Sarah Schneider
90.5 WESA

Pittsburgh Public Schools anticipates budget shortfalls ranging from $17 to $82 million, as the COVID-19 pandemic has dealt a blow to district revenue collections.

Chief Financial Officer Ron Joseph presented four scenarios to the school board Tuesday during a business and finance committee meeting. The scenarios assume lost property, earned income and realty transfer tax revenues. Joseph’s projections anticipate a $55 million loss in earned income tax revenue compared to 2019.

The Pennsylvania Association of School Business Officials projects a $1.04 billion – or almost 5 percent – statewide decline in local revenue for all school districts.

The scenarios did not include reductions in state and federal school funding, though Joseph told the board that funding is also likely to be reduced, though he is unsure of the impact.

The worst case scenario predicts that the district would have no money left in its fund balance by the end of 2020.

“If this was the case we would likely not be able to make it through the year in terms of operations,” Joseph said.

The “optimistic” scenario puts the district in a slightly worse financial situation than it anticipated before the pandemic.

The board approved a $665 million 2020 budget with a $25 million operating deficit as board members disagreed on how much it should increase real estate taxes to make up for gaps in the budget. District administrators had asked the board to increase taxes by 2.3 percent. The board ultimately increased it by 1.2 percent, or an additional $12 each year on $100,000 of assessed property.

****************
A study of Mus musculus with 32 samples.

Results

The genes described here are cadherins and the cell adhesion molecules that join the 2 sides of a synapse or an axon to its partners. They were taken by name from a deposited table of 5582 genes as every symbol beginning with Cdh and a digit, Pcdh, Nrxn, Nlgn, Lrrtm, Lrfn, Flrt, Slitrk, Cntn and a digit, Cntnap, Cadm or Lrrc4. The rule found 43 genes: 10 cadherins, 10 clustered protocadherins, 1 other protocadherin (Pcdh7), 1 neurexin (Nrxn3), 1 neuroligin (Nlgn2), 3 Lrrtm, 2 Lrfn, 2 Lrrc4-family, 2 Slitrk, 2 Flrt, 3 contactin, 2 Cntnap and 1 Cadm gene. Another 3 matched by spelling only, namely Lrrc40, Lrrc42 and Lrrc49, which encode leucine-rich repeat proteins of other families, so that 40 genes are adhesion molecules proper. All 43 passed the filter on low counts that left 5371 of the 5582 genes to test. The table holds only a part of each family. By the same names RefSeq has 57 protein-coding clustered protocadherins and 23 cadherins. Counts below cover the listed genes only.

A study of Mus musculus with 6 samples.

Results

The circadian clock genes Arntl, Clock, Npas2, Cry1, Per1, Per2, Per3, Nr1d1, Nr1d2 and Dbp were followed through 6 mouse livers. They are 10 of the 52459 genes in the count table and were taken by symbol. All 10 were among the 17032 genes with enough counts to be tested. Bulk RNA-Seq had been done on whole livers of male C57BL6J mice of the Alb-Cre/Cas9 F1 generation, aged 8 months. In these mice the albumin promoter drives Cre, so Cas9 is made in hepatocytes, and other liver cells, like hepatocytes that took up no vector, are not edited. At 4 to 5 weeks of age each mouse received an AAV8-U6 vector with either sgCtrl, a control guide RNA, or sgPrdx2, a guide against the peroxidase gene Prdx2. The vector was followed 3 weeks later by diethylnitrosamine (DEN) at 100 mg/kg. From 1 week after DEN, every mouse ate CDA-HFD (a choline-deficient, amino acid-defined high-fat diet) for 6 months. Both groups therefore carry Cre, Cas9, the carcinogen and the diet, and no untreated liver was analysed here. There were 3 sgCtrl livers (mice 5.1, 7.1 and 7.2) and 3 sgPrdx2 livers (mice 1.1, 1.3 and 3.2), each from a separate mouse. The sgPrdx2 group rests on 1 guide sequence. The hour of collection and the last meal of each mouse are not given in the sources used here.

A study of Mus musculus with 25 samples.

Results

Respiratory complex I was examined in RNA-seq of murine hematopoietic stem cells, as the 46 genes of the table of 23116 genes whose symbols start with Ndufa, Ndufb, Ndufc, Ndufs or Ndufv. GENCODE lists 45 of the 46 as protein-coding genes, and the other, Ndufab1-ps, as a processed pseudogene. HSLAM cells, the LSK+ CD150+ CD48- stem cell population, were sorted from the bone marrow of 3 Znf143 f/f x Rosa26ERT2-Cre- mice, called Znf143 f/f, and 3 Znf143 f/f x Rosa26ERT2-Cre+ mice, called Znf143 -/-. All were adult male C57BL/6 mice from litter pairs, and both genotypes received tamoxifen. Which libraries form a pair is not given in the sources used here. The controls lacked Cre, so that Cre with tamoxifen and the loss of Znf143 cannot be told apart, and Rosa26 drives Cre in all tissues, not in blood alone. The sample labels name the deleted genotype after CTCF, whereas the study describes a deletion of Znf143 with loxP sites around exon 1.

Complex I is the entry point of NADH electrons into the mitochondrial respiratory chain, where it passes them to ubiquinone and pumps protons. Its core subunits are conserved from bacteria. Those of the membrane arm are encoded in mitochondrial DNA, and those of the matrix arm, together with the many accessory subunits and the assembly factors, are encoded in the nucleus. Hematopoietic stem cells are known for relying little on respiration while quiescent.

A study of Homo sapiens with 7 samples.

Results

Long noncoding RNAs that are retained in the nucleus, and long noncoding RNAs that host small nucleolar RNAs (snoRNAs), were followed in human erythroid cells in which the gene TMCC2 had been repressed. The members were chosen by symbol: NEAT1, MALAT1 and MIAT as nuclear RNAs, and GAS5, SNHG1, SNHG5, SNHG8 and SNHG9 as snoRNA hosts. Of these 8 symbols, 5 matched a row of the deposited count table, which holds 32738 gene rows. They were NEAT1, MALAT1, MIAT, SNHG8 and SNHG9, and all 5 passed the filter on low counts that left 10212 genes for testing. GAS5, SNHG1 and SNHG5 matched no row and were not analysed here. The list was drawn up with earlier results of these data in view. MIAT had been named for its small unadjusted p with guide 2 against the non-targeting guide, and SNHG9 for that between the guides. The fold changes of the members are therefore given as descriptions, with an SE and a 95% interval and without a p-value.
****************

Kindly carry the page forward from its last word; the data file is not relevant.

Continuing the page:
Pittsburgh Public Schools was told by the state that it would be allotted $11 million from the federal CARES Act, the coronavirus relief bill approved by Congress in March--though Joseph told the board that the number would be lower because the district has to pay non-public schools that educate City of Pittsburgh students. Joseph said the state department of education was clarifying a language discrepancy with the federal department of education that would significantly change how much money those schools receive.

To date, the city school district has spent $2.6 million on additional costs associated with the pandemic. Not all 23,000 students have access to computers or the internet. The district has spent nearly $1.5 million to purchase 5,000 laptops. It has also spent $624,000 to print instructional packets that families pick up at local schools. The district is still paying staff and cleaning schools. Joseph said the district is not saving money with buildings closed.

Governor Tom Wolf ordered school buildings to remain closed through the end of the year. Wolf also approved Act 13 which places financial constraints on school districts including them to require districts to pay employees and charter school tuition.

Sarah Schneider is WESA's education reporter. From early learning to higher education, Sarah is interested in students and educators working to create more equitable systems. Sarah previously worked with news outlets in Pennsylvania, Illinois and Idaho. She is a graduate of Southern Illinois University Carbondale where she worked for the school newspaper, the Daily Egyptian.